Jealousy tells us what we want and don’t have, what we are missing; certainly, a useful piece of self-awareness. Knowing what we want is crucial to being able to live well. But we’ve been taught that it’s not quite right to want. It’s OK to need but not to want. There’s something about knowing what we want and going after it with zeal and ferocity that is too self-absorbed, too selfish. Perhaps this is because jealousy has fueled dangerous and harmful behavior. But again, it’s important to separate the feeling from the behavior. The feeling is potentially valuable; the behavior may not be.

The worst kind of jealousy is the jealousy that is not acknowledged, not understood, not used. Another example from my life. Around age 11 or 12, it seemed as if my father turned on me. Earlier in my life, he would bounce me on his knee, throw me up on the top deck of my bunk bed, playfully bite me. He seemed to delight in my presence. When I hit puberty, that all changed. He began to look at me with disdain, to regard me with a wariness and diffidence that hadn’t been there before. I of course, reacted to that and our relationship during my teenage years was marred by suspiciousness, distrust and veiled hostility. At the time I didn’t know what was going on. Now, I think I do. He was jealous. He certainly had a right to be. I was young, bright and healthy. I had my whole life before me. He was in his mid-fifties, in some ways stuck to his business and having to wrestle with the constraints that most 50-somethings deal with. Worse yet, I was going to use his money to go to college and enter into the adventurous and challenging time of my 20’s and 30’s. Even worse, his wife was paying a lot more attention to me that she was to him.

I became more aware of this dynamic when my own children reached puberty. I was jealous of them. My son was a strong, good-looking hunk of a young man. He had girls falling all over him, calling at all hours of the night, coming after him, a fortune I had never experienced. My daughter was a wonderful athlete, later to become an outstanding college volleyball player. The biggest regret of my life is that I didn’t play intercollegiate sports.

The difference between me and my father is that I told my children that I was jealous of them and that jealousy might cause me to behave unreasonably and stupidly towards them. I encourage any readers who think jealousy may be affecting their relationship with their children to bring it up and share it, thereby exposing it to the light of day.

I once heard a professor talking to his class about the obverse of my situation. You’ve got a 40-year-old mother who’s been married for around 20 years and a 15-year-old daughter. It’s likely that the sexual life of the mother has evened off into a pleasant but not particularly fiery occasional romp in the sack with her husband; for some such women, sex has become even less present than that. On the other hand, there’s this 15-year-old daughter who is just entering into the first stirring of sexual energy and who is looking forward to the exciting blossoming of early sexuality. Only the most heroic of us would be able to avoid at least a slight tinge of jealousy in such a situation. Could it be possible that jealousy as much as anything else fuels the mother’s admonishments to “make sure you get home by a decent hour”, “I don’t think should go out with him” “take care of yourself” and “don’t do anything stupid.”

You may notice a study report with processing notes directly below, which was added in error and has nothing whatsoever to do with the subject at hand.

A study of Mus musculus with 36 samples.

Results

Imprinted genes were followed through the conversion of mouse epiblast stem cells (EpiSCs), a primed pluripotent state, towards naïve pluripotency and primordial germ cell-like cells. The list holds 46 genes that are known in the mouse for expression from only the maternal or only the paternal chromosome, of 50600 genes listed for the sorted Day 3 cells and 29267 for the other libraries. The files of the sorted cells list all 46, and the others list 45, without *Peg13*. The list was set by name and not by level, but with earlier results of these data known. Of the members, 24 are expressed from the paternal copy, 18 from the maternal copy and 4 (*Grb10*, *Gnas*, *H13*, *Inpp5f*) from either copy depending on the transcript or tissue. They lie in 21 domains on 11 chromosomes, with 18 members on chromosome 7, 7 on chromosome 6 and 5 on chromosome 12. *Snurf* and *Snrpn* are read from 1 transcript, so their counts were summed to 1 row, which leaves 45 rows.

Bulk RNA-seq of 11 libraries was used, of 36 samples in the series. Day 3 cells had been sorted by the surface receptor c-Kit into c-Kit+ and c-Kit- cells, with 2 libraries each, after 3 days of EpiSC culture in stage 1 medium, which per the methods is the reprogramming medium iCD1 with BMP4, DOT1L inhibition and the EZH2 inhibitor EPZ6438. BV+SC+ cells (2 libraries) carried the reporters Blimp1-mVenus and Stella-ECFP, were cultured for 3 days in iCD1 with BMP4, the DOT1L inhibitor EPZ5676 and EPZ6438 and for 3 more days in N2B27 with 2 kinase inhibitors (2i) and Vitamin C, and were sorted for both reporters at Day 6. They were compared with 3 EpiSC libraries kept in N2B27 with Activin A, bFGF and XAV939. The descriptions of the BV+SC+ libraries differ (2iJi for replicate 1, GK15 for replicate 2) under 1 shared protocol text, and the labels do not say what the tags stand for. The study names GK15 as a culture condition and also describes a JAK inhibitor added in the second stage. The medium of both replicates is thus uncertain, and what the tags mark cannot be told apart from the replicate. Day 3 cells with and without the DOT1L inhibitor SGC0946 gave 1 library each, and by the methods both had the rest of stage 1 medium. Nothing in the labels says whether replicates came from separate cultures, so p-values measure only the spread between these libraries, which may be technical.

The point here is that, perhaps more than any other emotion, jealousy becomes toxic when it goes underground, is repressed and unacknowledged. It’s a difficult emotion to experience and acknowledge. It is uncomfortable. It’s a sign of weakness and it’s against one of the Ten Commandments. It is the antecedent of murder and mayhem. No wonder it is maligned, degraded and given a bad rap. Still, it is valuable and we need to reclaim it and use it as a signal telling us what is missing from our lives and what we want.

This seems like a good place to write about the dangers of repression. Sigmund Freud was the first psychologist to discover the harm in repression and an important discovery it was. He learned from observing many people that when powerful emotions like jealousy and anger are pushed down and repressed, they don’t go away. Rather they become expressed in harmful, bizarre and perverse ways. When kept inside, they make people ill. When they leak out like the steam in a pressure cooker, they do so in the form of nasty attitudes, hurtful and often self-defeating behavior. Had my father been able to acknowledge and openly express his jealousy, our relationship would have been a lot better and we both would have been happier men.

This excerpt was taken from pages 31-33 of Lighten Up. Dance With Your Dark Side. Click here to buy the book.